State propane associations face electrification challenges

January 31, 2022 By    

Many of the battles waged by Propane Fuels America states this year have centered on the electrification movement.

In certain parts of the country, local levels of government have attempted to legislate and regulate gas out of the energy mix, erasing consumer choice in favor of electricity. Propane gas associations at the state and national levels continue to work together, at times with the natural gas industry, to fight these proposals.

At the Propane Education & Research Council’s November meeting, industry leaders cited the importance of producing data and other information that could form a factual basis against proposed anti-gas regulations in building codes and standards.

As you’ll read, the states featured this month in Propane Fuels America – Delaware, Maryland, Virginia and West Virginia – are not immune to these challenges.

The Mid Atlantic Propane Gas Association has turned to Facebook and radio ads to address the narrative with electrification, which, Executive Director Jonathan Williams says, is his association’s biggest threat.

“We focused on the environmental benefits [of propane] to try to combat some of the electrification propaganda that’s out there,” he says.

Though the electrification-of-everything movement has dominated much of the conversation in industry circles this year, states still face other challenges that keep association executives up at night.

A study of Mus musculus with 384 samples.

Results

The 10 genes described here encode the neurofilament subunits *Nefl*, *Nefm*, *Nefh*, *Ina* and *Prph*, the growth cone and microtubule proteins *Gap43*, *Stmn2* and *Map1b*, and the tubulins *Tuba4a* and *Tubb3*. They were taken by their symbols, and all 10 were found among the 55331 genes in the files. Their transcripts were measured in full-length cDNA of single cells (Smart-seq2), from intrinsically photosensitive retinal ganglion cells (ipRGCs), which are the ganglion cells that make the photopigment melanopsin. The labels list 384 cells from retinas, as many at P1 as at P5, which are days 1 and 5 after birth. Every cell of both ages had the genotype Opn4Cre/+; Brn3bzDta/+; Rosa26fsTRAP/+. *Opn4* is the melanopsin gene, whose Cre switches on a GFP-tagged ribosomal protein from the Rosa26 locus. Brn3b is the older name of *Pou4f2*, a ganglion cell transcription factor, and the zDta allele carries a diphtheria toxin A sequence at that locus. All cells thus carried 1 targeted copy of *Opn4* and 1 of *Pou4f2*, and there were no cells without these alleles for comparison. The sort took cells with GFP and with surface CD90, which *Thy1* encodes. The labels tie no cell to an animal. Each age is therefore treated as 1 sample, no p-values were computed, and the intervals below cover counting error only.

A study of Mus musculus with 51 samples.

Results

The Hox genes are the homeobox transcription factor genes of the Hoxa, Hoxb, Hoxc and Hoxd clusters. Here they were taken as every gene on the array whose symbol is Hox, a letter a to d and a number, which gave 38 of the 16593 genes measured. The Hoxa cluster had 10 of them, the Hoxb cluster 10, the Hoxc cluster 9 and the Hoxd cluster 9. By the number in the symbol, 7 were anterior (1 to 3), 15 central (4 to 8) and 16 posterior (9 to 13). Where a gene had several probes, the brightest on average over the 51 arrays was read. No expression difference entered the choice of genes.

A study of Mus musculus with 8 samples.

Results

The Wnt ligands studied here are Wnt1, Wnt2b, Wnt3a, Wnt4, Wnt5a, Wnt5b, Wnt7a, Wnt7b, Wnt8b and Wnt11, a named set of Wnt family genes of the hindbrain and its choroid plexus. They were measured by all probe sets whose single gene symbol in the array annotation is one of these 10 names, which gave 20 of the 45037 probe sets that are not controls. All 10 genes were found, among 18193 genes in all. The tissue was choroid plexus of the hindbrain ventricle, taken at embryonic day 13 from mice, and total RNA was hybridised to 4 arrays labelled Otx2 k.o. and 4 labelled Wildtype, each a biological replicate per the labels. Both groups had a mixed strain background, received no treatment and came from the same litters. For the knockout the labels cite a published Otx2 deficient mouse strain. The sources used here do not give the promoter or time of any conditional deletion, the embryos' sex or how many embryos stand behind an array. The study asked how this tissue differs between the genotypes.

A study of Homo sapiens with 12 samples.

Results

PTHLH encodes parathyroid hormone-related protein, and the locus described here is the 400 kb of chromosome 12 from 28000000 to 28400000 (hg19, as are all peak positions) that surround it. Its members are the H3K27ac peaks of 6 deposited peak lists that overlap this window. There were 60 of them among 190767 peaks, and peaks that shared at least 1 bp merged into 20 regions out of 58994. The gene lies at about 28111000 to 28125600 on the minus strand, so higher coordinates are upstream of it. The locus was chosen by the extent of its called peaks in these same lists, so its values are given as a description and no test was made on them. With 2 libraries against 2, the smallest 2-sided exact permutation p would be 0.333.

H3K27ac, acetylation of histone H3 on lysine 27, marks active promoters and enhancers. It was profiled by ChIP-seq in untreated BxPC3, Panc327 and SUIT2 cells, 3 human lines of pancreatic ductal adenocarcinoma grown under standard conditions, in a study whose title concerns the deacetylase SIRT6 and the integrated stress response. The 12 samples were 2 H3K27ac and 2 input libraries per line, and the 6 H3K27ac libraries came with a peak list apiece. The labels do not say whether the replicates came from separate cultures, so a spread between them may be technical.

For example, since the mid-1990s, the West Virginia Propane Gas Association (WVPGA) has seen a significant decline in the number of independent marketer members, says Executive Director Tom Osina, who will retire in 2022 after about 40 years of leadership. Today, the WVPGA has nine independent marketer member companies.

“It has greatly changed just about everything – from the folks who show up to our membership meetings, who serve on our committees, who do the everyday volunteer work for the association,” says Osina, citing consolidation as one factor.

Osina says the challenge of getting others involved in the association has been compounded by the coronavirus pandemic, which makes it harder for people to put their focus elsewhere when they’re trying to keep their businesses afloat.


Brian Richesson is the editor in chief of LP Gas Magazine. Contact him at or 216-706-3748.